IBM’s Charlotte Wang Supports Women in Tech
From startups to restaurants to high-tech corporations, women are taking the business world by storm and leaving their mark. This week, we speak to IBM’s Chief Technology Officer and Distinguished Engineer Charlotte Wang about success in male-dominated industries.
Charlotte—pronounced “shar-lotta”—Wang was inspired by her multi-generational Norwegian seafaring family to join the military’s naval reserve. Serving her country on the seas was in her blood and Wang proudly worked in the only female cohort of her time with a “ten to one” ratio of men to women (however, everyone was treated without bias). Wang set sail at only 18 years old, learning how to operate in an engine room and exercise her skills as a diesel mechanic.
After excelling in the naval reserve for 22 years, Wang pursued a career in technology. Currently, Wang works as the Chief Technical Officer and is a Distinguished Engineer at International Business Machines Corporation (IBM). Wang leads a career in automation solutions and hybrid cloud architecture systems integration. In layman’s terms, Wang and her team helps monitor and manage servers, building a platform, virtualization, and operating system. The decision to automate it was a result of the sequence and series of actions that had to happen every time a server is built. What used to take three weeks to build a server, can now be done in 48 minutes.
“As a technical executive and as a manager, one of the key things I do as part of fostering and developing technical talent—whether they’re men or women,” Wang says. One of IBM’s biggest initiatives is promoting reintegrating mothers who have been on leave to raise a family, back into the workforce.
As a great supporter of women in tech, Wang says “if your daughter exemplifies or exhibit a kind of curiosity” in STEM, get involved with organizations like Girls Who Code, which Wang contributes to, as well as STEM events.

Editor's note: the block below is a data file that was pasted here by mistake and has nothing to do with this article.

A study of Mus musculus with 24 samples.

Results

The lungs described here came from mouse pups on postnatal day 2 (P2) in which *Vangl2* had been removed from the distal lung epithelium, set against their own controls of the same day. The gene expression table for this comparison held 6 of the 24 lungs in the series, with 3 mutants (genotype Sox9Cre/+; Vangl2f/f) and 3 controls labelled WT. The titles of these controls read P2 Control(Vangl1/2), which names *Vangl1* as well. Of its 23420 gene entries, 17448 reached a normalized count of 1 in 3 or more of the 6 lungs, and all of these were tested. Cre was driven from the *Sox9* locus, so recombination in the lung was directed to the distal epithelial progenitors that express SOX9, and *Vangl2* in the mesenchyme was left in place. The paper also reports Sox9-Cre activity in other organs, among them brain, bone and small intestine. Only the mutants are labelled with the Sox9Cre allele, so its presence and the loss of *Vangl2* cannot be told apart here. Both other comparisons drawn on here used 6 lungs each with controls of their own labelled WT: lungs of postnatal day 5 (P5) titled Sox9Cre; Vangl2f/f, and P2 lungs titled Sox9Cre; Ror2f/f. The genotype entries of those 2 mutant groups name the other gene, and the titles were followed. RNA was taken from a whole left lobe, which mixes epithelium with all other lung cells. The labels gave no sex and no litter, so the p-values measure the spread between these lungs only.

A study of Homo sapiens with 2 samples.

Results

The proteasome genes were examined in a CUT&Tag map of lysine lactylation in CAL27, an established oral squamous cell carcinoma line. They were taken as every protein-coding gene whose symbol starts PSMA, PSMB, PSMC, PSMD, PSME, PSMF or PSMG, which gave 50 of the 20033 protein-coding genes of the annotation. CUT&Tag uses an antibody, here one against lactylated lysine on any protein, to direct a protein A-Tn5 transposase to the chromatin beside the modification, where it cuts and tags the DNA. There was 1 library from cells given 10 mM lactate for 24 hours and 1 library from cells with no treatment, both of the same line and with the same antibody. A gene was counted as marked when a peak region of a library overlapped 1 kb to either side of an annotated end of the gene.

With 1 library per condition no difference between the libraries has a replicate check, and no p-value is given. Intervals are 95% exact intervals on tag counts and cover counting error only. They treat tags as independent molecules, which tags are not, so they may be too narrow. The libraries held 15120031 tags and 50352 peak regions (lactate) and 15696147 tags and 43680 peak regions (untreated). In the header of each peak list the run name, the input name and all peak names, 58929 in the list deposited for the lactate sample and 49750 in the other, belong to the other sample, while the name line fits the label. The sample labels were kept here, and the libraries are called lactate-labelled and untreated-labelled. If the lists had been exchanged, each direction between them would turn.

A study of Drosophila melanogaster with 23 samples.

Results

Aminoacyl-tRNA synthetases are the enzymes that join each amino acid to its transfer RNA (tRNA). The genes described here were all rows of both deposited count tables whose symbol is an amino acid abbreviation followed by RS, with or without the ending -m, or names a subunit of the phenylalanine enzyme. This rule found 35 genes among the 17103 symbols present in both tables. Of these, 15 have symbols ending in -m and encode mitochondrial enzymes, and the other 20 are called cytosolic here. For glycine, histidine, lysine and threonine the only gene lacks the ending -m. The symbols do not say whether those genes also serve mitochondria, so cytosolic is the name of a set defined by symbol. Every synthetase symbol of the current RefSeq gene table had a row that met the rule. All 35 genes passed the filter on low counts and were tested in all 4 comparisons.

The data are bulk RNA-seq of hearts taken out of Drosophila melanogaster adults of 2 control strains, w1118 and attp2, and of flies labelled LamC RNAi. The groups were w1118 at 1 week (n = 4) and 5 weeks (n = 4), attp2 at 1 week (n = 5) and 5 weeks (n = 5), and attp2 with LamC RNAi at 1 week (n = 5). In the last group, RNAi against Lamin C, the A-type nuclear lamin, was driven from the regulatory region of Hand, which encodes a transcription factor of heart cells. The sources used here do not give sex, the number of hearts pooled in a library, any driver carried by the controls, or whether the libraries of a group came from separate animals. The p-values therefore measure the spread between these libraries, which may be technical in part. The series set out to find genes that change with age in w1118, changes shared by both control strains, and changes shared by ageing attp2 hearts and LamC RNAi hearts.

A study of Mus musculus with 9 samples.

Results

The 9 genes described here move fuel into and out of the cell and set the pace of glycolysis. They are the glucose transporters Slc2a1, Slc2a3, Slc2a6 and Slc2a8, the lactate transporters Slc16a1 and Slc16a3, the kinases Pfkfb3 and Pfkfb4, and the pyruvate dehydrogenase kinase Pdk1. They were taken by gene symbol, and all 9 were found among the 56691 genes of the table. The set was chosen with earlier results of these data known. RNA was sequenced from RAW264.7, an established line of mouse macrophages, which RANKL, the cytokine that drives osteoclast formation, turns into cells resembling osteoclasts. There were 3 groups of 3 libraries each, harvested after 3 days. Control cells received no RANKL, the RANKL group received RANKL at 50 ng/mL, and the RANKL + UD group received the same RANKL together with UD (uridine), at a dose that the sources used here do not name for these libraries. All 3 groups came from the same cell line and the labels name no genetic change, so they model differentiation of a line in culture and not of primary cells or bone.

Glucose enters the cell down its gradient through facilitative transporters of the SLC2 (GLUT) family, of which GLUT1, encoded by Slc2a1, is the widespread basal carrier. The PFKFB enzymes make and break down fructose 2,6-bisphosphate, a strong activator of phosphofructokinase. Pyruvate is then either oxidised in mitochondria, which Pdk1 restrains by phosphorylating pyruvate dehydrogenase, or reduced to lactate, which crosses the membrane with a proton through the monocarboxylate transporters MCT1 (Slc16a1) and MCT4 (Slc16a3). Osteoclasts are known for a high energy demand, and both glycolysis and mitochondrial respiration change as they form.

“It’s about spreading the word because you’ve got to demystify [girls] pursuing technical type careers or technical professions. They don’t need to be as daunting,” Wang explains.
Here, a conversation with Wang.
Which experiences resulted in your engineering pursuit?
At a very young age, I was always fascinated about how things worked and how things came together mechanically. I had sort of a natural aptitude for wanting to repair or fix things. I was an operator, in terms of learning and understanding how things work.
When I look at myself in terms of who I am and my DNA, I’ve been able to carry that curiosity and that analytical ability right through my whole career. Pragmatic operationalist I think would be the best way to describe it.
How did you come out of the naval reserve a different woman compared to when you first entered?
I think for me, lifelong learning is respecting culture and diversity, and not everybody is going to approach a problem the same way as you. Being thrown together in a highly stressful situation with a bunch of people that you don’t naturally know—you fall back on your training, but you also can observe how other people approach problem-solving.
Also, I truly believe the relationships and friendships I made—being able to rely on people to have security and foundation—in the naval reserve allowed me exactly to foster and develop those trusted relationships with both my customers and IBM.
In your experience, do female engineers bring a different perspective/creativity to the tech industry?
They do. The hallmark of female engineers is we don’t tend to rely on a theoretical application. That may not be a female thing but maybe being in the field versus academic.
I think sometimes women don’t take enough credit for their engagement or contribution, so success is shared.
There is a huge value in diversity of thought. When you have a diversity of thought—and not just in gender but in all areas—businesses can be more competitive and more innovative. By bringing more women to the table, you’re solving a business problem.
What has been the most important lesson from living authentically and living your honest truth?
Being gay and in the closet for a large part of my career meant I was spending a lot of energy and time hiding or deflecting against who my authentic self was.
The biggest lesson I learned was once I could be my authentic self, I had a renewed energy—I didn’t have to spend all that time hiding. I could direct that to be productive and solve problems for my customers and IBM. That was the big eye-opener.